Repentance and the Kingdom of God
John the Baptist prepared the way for Jesus Christ's ministry by "preaching a baptism of repentance for the forgiveness of sins," (Mark 1:4). He called on the people to change their former ways of life so that they could embrace the new life that Christ would reveal to them. The baptism that he offered was both a sign of this new life, and a precursor to the baptism that would come through Jesus Christ: "I have baptized you with water; but he will baptize you with the Holy Spirit," (Mark 1:8).
John's call to a new way of life is best expressed by his well-known phrase "repent, for the Kingdom of Heaven is at hand," (Matt. 3:2). It is this phrase that is shown alongside John the Baptist in most of his icons. He preached repentance because he knew that the people would not be able to receive Christ's coming Kingdom unless they rejected their old ways and embraced the new way of Christ. John knew then what many Christians today forget: that apart from a heart that is open to God through repentance, the gates to the Kingdom of Heaven are shut.
Repentance is often misunderstood as being merely sorrow for sin. But that is only the first step in repentance, not the whole process. If repentance ends with sorrow for sin, then it can lead us to despair; it can lead us to believe that we are incapable of improving, of doing better than we have done in the past.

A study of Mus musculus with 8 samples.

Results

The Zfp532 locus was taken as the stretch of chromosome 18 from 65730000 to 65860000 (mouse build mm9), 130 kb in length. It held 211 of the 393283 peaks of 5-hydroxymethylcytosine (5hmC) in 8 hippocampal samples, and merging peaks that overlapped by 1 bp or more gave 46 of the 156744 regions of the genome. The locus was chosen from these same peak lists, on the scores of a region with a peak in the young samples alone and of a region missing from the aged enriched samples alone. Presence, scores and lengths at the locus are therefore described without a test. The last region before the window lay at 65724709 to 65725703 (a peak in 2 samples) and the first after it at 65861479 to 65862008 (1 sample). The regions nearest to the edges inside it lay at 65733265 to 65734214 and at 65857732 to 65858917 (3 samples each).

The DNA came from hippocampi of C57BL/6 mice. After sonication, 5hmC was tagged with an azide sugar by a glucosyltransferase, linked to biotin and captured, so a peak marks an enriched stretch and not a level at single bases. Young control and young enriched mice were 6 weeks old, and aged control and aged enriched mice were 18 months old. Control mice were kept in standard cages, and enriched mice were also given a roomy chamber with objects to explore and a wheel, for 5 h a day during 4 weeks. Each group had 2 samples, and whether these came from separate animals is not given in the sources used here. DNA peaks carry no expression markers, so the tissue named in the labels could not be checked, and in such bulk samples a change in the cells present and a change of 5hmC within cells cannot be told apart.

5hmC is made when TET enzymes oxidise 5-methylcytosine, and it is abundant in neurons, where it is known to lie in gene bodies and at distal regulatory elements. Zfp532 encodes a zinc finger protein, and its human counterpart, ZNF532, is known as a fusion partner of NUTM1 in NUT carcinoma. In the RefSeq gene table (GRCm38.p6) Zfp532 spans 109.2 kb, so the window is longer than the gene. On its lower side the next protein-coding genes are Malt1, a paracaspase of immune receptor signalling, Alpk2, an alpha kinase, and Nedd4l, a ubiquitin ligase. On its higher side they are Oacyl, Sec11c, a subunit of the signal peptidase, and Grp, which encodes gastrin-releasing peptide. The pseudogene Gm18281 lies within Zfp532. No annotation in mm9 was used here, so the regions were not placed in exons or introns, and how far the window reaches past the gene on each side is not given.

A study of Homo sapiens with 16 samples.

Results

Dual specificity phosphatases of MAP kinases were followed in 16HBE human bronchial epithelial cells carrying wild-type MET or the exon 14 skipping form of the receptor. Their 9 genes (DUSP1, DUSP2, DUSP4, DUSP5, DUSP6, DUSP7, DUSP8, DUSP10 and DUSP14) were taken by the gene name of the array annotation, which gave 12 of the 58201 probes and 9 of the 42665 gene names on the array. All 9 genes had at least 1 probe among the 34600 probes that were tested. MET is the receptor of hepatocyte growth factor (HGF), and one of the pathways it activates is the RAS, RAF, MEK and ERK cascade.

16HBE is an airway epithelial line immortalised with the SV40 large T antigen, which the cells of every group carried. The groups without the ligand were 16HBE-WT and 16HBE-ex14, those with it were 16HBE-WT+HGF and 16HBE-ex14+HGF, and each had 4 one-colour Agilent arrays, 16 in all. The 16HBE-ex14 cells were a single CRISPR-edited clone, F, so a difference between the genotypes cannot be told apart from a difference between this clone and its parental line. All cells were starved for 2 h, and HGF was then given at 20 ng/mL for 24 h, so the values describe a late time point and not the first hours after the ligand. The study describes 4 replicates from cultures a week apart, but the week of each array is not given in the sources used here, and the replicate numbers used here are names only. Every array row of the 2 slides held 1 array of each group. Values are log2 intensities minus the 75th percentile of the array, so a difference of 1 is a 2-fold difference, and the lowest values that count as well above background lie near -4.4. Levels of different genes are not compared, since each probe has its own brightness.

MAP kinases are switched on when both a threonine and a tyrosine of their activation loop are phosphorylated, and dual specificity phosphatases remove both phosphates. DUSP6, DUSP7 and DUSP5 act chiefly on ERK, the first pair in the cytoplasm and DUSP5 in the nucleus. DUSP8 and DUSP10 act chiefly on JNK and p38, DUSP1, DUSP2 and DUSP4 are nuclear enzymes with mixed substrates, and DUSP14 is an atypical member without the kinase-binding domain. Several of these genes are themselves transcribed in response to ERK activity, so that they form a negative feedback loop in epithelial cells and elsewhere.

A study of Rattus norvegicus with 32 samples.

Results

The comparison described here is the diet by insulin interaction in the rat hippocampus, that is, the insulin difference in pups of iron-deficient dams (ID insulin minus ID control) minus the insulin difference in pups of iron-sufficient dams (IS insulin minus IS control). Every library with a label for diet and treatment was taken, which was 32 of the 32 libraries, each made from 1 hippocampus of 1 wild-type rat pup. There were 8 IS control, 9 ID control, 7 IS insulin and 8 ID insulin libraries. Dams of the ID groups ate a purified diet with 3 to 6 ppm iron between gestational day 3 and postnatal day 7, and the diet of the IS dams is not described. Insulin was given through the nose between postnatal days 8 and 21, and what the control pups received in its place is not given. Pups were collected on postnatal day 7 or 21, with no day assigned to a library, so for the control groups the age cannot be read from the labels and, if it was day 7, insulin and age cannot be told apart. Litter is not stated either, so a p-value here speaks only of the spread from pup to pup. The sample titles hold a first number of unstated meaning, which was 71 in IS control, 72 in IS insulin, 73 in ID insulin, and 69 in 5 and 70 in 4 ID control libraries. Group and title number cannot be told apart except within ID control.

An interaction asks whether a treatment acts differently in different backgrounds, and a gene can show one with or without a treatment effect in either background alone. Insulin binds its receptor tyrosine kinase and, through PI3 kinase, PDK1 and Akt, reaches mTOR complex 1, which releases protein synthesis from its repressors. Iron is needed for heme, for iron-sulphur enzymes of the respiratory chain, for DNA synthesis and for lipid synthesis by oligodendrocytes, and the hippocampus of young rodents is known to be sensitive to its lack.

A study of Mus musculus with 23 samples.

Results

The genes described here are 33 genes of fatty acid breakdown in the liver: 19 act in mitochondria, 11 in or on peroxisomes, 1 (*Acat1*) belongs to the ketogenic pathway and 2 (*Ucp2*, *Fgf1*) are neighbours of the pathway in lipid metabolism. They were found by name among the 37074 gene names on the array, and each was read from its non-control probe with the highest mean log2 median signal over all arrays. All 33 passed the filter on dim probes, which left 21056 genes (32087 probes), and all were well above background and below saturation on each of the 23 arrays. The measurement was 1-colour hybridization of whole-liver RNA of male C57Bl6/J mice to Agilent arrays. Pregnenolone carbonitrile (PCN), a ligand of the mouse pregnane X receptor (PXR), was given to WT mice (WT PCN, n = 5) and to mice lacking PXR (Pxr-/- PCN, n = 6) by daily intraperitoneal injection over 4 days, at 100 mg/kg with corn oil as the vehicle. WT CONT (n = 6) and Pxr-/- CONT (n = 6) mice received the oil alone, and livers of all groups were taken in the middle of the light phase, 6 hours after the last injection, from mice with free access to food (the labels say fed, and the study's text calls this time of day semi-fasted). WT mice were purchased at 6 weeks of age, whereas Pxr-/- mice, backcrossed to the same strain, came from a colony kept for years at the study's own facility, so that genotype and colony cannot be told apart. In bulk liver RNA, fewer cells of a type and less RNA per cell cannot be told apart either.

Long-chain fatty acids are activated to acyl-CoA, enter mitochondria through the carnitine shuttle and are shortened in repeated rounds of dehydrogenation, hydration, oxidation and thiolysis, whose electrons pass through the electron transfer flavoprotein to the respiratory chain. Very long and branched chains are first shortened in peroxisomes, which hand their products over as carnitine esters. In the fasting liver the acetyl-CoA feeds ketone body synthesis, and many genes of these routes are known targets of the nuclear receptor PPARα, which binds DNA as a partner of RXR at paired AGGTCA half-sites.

True repentance takes a full view of who we are as human beings, with both our failings and our victories, and asks: How can I do better? What can I do to make my actions tomorrow better than they were today? And repentance is a conviction that it is always possible to do better, that our battle against our sins is not a losing battle. Repentance is a firm belief that with God's help we have endless possibilities for improvement, that there is no ceiling on what we are capable of when God's power leads us.
The word 'repentance' in Greek (μετάνοια) means a change of mind. To repent means to turn away from our old ways of thinking about ourselves and the world. "Do not be conformed to this world, but be transformed by the renewal of your mind," (Rom. 12:2). Repentance means allowing our minds and our hearts to be transformed in the Holy Spirit through the power of Jesus Christ.
As we begin our New Year, let us resolve to open our hearts to the transformation that comes through Jesus Christ. Let us turn away from the things of the past, and turn toward the renewed life that Jesus Christ offers us. Having repented of our old ways of life based on egotism and pride, let us "put on the new self, which is being renewed in knowledge after the image of its creator," (Col. 3:10).